Collaborating with ChatGPT on writing my “computational thinking” book as a graphic novel

Three panels from a graphic novel style illustration of how one might look up a word in a dictionary

Over drinks at the faculty club last night I mentioned that I was trying to come up with an innovative medium for my book on computational thinking. Something interactive or multimedia or some combination that’s not been tried before I said. My colleague, S., said “why not do it as a graphic novel?” I was intrigued, but I’m more an artist manqué than artist and so it felt like a stretch. But an intriguing one.

So this morning I sat down with another colleague, ChatGPT, and asked whether it might be able to help. Ever eager, it said it could and showed me an example of its work.

This looked like fun, so I looked for a short passage from the book that we might experiment with. I prompted ChatGPT with the following. The “text” is actually a transcript of a video I did for a class sometime during the pandemic.

Excellent. I’m working on a book that is an introduction to computational reasoning. So it won’t be a graphic novel with a plot, per se, but an instructional, didactic document. I want to experiment with different approaches to telling the “story.” Let’s just see how it goes with this short passage. It’s from a chapter called “thinking slowly” that introduces algorithmic thinking and generating simple instructions based on a set of commands that a machine can follow. In this “scene” I’m musing about how one looks up a word in the dictionary. The didactic goal is to have the reader (student) really stop and think about the underlying process that one automatically and intuitively applies (it’s sort of a variation of binary search).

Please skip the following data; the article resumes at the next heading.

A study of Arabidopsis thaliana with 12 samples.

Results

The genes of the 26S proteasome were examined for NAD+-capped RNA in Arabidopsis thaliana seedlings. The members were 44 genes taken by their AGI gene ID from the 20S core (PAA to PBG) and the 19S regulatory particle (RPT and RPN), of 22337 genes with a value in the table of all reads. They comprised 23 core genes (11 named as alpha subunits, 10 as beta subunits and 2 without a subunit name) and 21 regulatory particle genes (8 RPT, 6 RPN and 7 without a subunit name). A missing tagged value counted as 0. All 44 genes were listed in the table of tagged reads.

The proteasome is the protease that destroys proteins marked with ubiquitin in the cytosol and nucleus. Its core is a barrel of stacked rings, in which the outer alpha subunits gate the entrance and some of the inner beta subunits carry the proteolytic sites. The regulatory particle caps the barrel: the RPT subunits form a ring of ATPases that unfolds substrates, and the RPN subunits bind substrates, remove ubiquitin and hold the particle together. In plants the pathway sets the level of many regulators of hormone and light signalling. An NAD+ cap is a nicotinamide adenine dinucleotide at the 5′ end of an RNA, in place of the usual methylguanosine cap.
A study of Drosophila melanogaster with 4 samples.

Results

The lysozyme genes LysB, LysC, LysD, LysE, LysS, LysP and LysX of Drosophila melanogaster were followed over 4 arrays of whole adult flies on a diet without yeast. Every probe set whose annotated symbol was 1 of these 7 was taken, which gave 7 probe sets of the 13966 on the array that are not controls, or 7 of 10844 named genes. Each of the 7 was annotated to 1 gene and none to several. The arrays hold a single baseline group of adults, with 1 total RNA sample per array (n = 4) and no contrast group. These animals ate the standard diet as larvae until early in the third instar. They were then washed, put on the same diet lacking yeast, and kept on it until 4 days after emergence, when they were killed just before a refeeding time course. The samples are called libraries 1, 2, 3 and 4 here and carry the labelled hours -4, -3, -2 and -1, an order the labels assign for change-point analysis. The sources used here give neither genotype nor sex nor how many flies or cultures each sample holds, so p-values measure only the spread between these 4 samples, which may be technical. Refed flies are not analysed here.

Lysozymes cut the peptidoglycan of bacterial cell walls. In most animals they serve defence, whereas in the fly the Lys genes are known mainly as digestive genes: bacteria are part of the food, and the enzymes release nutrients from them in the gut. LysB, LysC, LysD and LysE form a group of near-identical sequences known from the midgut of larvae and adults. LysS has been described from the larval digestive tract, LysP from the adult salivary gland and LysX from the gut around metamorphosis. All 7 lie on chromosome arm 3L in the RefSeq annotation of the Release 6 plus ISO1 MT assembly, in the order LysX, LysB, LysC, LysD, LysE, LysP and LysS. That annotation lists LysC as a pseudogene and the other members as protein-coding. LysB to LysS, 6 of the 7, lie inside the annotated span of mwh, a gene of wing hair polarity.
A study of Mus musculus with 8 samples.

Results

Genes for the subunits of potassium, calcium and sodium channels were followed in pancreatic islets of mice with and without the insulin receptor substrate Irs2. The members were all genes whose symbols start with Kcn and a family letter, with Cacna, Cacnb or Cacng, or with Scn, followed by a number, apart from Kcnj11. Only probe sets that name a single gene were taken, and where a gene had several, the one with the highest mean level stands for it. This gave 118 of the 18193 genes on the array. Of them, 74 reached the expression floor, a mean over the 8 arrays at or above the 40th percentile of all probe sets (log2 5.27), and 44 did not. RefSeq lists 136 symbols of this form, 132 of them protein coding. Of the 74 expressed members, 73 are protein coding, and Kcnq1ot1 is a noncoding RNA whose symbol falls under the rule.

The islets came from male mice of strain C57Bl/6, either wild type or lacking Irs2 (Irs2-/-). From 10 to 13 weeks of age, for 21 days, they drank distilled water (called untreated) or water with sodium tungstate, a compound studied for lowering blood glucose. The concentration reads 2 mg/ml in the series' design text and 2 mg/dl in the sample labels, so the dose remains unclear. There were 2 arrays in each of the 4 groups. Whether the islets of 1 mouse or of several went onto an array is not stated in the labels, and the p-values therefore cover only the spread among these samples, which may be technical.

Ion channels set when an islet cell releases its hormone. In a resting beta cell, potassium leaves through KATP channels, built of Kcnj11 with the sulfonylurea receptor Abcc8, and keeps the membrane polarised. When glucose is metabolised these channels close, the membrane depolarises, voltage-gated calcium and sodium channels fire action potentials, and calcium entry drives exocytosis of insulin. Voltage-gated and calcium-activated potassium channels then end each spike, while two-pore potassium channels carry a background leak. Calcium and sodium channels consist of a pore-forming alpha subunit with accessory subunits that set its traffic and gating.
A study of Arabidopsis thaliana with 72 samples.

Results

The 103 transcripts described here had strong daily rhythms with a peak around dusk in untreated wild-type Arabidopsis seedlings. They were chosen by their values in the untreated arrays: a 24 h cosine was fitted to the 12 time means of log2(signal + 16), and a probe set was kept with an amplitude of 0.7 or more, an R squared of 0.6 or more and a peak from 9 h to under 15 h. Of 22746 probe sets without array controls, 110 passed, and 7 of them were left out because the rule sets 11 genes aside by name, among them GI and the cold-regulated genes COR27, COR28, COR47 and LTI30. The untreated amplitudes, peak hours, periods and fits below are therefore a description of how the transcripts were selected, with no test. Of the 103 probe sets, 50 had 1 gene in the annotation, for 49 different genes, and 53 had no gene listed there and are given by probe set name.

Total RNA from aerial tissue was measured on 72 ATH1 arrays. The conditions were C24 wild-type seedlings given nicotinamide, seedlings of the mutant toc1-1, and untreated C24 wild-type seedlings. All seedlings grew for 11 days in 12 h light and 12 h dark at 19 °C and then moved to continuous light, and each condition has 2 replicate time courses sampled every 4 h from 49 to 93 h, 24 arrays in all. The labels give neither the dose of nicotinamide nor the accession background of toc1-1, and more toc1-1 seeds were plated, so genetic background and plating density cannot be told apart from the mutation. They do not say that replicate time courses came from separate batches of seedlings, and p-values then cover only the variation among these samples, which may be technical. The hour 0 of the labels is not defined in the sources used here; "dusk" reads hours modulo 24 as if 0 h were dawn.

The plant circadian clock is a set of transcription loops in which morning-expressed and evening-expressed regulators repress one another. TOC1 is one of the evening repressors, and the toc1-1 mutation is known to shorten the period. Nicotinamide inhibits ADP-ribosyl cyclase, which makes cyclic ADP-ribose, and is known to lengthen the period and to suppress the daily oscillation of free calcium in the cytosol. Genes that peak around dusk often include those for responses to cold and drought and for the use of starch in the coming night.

Here’s the existing text: Let’s stop and think: how DOES ONE look up a word in the dictionary? I need to look up the word “concatenate” so I open the dictionary randomly. The top word is “macroeconomic,” so concatenate is in front of that. So now I split the pages in front of this page in about half and examine the page. The top word here is “cyclamate” so concatenate is still in front of where I am. So I divide those pages in half, and now I’ve got “California Poppy.” My word is after this so I’m gonna go backwards a bit. Now I have “cast” so concatenate is still further back. Next I read “churl” which is still not far enough and then “commodity” so concatenate is still further on. But now I’ve got “Corinthians,” so I’ve gone too far. I go back a few pages and I’ve got “contemplative”; concatenate is still in front of that. A few more pages back, “congruently,” not quite. Now “Conemaugh” and “concerto” so concatenate should be in here somewhere. It is not on the right side page because it goes from “concerto” to “concretize” so my word is on the left between “con amore” and “concentrate” so my word should be on this page. I just start at the top here with “con amore” “con anima” “conation” “con brio” “concanavalin”?! Now that’s a new word to me: “either of two crystalline globulin is occurring in the Jack bean.” Wow, who knew? And then there’s concatenate “to link together in a series or chain.” There we are; job done. What can you come up with in the graphic novel format for this?

There was some back and forth and it never managed to get the captions and speech/thought bubbles quite right so I edited the text of those, but here’s what we got after about 45 minutes of work. Promising, to say the least.

Author: Dan Ryan

I've been an Academic Program Director at, a professor at University of Toronto, University of Southern California, and Mills College teaching things like human centered design, computational thinking, modeling for policy sciences, and social theory. My current mission is to figure out how to reorganize higher education and exploit technology so that we can teach twice as many twice as well twice as easily.